Millions of latent infections around the world
TB is a global disease
Tuberculosis isn’t just a disease that harms people in developing countries, even if 95 % of all cases appear in those regions. In the Western world, London is the TB capital – with numbers comparable to countries like Rwanda or Guatemala. One-third of London’s boroughs exceed the WHO “high incidence” threshold of 40 cases per 100,000 people, as a 2015 report from the London Assembly shows.
Hall´s story made headlines
Fighting TB in its early latent stage is crucial to prevent its spread, and effective latent TB screening is the most powerful tool available. By implementing the new CDC screening guidelines, experiences like those faced by Hall faced could be avoided. That opinion is shared by Dr. Michael Lauzardo, a pulmonary disease specialist with the University of Florida Health system. “With the increased precision of this blood test, you take the whole issue of vaccination out of the equation.”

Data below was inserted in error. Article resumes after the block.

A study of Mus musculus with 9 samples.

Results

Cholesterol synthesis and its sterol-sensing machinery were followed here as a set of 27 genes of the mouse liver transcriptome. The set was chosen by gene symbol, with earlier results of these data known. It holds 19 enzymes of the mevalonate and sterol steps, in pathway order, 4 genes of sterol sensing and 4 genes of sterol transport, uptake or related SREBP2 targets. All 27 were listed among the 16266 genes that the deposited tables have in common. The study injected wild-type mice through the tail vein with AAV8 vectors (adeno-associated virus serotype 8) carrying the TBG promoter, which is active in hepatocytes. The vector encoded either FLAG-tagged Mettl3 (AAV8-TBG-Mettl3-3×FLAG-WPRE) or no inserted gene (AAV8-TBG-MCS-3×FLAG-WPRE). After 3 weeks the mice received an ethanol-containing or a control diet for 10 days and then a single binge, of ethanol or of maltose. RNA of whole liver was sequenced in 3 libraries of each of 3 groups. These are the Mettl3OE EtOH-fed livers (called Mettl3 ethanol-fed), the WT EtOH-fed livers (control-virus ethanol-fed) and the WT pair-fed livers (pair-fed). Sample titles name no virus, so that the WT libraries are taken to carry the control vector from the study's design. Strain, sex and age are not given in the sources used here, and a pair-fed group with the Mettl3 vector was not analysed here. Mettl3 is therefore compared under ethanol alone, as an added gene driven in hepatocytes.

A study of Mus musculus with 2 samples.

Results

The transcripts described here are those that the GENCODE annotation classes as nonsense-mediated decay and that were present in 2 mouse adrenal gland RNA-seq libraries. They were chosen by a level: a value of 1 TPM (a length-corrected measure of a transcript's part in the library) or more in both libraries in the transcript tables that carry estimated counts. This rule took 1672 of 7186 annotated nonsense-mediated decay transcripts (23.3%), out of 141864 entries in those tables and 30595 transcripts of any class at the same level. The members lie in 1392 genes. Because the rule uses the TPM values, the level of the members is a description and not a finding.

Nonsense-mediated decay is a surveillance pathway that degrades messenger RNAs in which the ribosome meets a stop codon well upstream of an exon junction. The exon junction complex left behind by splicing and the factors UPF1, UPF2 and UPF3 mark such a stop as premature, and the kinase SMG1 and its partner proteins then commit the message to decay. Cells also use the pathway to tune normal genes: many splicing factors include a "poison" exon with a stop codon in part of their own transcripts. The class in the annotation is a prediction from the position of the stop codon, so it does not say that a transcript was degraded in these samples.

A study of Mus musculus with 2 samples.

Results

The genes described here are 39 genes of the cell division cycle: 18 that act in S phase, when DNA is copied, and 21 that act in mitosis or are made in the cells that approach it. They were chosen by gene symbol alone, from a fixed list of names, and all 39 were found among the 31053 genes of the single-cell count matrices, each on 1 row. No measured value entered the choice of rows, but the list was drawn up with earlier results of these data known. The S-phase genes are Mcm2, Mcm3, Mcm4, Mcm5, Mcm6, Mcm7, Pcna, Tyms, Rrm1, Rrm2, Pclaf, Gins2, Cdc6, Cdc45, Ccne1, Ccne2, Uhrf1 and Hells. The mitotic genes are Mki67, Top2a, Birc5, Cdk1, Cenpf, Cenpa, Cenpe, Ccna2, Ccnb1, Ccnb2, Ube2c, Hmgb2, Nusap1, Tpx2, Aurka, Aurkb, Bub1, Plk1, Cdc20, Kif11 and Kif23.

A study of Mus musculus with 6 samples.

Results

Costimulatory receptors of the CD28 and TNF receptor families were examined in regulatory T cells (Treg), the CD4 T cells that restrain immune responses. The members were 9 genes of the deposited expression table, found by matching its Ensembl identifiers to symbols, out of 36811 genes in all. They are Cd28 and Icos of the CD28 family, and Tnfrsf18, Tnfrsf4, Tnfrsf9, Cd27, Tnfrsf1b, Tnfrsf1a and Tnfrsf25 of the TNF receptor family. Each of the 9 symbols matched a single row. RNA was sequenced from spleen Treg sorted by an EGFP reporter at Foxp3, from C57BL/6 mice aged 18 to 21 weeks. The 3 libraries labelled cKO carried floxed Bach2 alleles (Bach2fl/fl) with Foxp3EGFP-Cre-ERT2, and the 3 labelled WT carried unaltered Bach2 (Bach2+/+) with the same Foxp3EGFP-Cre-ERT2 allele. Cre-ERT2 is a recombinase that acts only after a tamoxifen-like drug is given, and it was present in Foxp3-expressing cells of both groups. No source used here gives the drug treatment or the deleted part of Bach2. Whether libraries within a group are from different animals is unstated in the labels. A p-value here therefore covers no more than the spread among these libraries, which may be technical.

Studies have shown that mandating a blood test for immigration screenings is an “exceptionally effective strategy,” says Lauzardo. The skin test, in contrast, has its limitations, “particularly when used on patients who come from countries with historically high rates of TB infection.” Since testing the skin for an antibody response is less precise than a blood test, it returns twice as many false positives for latent infections. “This can lead to people being put unnecessarily on medications, which consume public health resources and can cause side effects." The high rate of false positive skin test results in people vaccinated for BCG can also provide a false sense of security. Lauzardo explains that people from high-risk geographies tend to shrug off the skin test, expecting a positive result because they were vaccinated. “As a result, they don’t seek treatment.”